The habitable planet is called Proxima d and orbits our stellar neighbour Proxima Centauri. And, let’s face it, four light-years is basically next door.
Right now, it does seem as if any chance of visiting is in the distant future. But the discovery, coupled with recent optimism about a warp drive does make you think.
One of the things it makes you think about is the past. If you look back 50 years and consider where our space ambitions were back then, you can’t help but wonder whether this interstellar travel is that far in the future.
In 1972, 50 years ago, most people believed that Earth was the only habitable planet in the entire Universe. Now, we have our work cut out just keeping up with the discoveries of life-supporting exoplanets.
In 1972, the Space Shuttle program was launched. Just four years previously the first man landed on the moon, the most successful event in the Apollo Space program, launched in 1961.
The computing power that achieved this was about the same, so we are told, as the computing power in a funny singing birthday card today.
Between then and now we have launched two extraordinary telescopes, discovered more about the Universe than seemed possible and are still getting signals from Voyager 1, now well over 2 billion kilometres away and outside our solar system. And we know how warp drive will work, it is just a question of putting something as powerful as the sun into a very small box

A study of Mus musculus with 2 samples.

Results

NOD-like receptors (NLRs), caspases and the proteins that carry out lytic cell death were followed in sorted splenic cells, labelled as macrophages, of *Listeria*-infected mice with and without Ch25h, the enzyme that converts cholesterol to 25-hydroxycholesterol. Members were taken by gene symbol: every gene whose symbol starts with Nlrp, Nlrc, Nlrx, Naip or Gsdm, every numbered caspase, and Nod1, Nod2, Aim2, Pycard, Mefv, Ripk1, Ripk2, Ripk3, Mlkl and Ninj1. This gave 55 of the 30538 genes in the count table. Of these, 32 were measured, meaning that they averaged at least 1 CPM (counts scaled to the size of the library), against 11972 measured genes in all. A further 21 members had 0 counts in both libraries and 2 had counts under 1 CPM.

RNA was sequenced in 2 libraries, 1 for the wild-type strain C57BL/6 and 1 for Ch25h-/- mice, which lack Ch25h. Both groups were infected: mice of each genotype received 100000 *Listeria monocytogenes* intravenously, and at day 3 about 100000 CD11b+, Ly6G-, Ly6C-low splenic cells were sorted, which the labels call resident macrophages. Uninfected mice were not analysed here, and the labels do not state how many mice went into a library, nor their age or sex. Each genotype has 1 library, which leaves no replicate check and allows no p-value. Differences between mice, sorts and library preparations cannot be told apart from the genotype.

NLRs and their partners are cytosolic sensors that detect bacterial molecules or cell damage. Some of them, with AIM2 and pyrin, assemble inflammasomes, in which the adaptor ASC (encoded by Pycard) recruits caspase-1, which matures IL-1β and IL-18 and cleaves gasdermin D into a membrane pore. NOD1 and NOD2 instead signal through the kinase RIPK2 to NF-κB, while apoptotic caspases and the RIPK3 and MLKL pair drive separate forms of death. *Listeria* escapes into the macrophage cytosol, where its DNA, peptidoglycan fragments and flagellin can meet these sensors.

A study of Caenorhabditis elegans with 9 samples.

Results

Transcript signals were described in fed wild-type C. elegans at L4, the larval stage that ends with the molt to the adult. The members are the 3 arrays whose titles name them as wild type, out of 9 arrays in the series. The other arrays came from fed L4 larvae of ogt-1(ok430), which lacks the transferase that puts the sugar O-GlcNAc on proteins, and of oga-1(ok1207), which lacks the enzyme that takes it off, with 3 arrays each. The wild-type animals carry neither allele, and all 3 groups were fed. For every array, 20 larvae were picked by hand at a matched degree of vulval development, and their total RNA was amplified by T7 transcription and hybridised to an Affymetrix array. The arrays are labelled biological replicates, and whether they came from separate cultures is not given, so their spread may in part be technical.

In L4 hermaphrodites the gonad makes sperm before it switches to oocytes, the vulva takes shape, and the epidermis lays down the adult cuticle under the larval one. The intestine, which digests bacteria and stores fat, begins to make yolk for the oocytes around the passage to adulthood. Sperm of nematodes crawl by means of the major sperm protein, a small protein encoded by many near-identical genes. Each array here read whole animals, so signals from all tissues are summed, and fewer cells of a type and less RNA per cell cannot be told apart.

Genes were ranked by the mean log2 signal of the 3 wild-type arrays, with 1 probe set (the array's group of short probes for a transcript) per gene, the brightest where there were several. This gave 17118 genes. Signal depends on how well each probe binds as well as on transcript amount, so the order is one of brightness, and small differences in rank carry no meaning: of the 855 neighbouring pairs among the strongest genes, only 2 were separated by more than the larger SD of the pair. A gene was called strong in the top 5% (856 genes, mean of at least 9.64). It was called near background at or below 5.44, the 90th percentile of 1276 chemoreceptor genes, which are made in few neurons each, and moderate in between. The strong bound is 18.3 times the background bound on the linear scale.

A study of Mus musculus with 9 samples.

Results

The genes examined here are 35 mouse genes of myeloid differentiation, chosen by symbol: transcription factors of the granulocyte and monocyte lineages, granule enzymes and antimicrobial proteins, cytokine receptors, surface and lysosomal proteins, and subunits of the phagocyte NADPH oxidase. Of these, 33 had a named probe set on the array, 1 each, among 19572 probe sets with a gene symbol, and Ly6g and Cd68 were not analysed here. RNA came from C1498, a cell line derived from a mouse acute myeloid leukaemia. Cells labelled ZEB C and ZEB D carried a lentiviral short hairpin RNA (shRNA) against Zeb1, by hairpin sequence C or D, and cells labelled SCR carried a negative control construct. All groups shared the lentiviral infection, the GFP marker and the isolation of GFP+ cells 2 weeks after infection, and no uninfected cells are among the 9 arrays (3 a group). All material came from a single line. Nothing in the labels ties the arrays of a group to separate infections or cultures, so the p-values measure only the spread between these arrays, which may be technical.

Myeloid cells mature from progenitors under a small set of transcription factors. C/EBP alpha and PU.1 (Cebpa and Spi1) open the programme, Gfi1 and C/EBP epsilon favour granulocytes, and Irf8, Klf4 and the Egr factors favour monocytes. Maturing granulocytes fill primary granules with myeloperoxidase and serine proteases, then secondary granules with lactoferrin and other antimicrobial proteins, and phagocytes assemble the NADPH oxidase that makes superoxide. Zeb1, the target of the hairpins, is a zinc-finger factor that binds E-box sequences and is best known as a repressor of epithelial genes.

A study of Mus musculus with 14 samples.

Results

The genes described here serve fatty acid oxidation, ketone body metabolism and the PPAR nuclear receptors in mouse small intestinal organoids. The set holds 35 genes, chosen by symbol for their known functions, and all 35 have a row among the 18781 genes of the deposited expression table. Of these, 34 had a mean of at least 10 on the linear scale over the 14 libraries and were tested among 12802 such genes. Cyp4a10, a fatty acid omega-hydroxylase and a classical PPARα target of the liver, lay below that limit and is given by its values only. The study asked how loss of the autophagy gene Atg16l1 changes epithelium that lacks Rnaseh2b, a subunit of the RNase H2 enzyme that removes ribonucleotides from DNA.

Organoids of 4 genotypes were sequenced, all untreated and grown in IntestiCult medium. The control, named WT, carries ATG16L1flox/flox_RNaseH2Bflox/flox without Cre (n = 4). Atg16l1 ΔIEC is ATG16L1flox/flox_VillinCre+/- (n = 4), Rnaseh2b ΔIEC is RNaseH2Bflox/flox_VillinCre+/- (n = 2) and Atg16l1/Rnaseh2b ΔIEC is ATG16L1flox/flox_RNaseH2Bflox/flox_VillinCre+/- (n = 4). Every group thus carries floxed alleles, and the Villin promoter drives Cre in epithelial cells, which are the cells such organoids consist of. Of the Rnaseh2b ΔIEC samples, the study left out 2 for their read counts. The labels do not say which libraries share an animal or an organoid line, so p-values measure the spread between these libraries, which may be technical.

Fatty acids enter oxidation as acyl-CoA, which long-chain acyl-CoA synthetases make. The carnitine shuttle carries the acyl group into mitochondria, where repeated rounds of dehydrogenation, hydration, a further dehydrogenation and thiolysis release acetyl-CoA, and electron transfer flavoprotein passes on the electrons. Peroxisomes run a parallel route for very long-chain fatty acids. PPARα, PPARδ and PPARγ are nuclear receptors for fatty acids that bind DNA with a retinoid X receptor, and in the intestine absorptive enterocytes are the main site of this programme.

50 years is not a long time when you are talking about space.
Considering the rate that technology is developing, the next 50 years will see unbelievable developments. And already Elon Musk is talking up his spaceship that will go at Star Trek type speeds. Even allowing for the Musk Factor, it does seem possible.
Extrapolating recent developments in space 50 years into the future, it is entirely possible (probable even) that warp drive will be a thing, that we have a colony of some kind on Mars and are on our way to our new Earth, Proxima d. And by then, we will know more about it than Earth itself.
Let us hope that, if we are on our way to Proxima d it is not because Earth is exhausted and is no longer a habitable planet.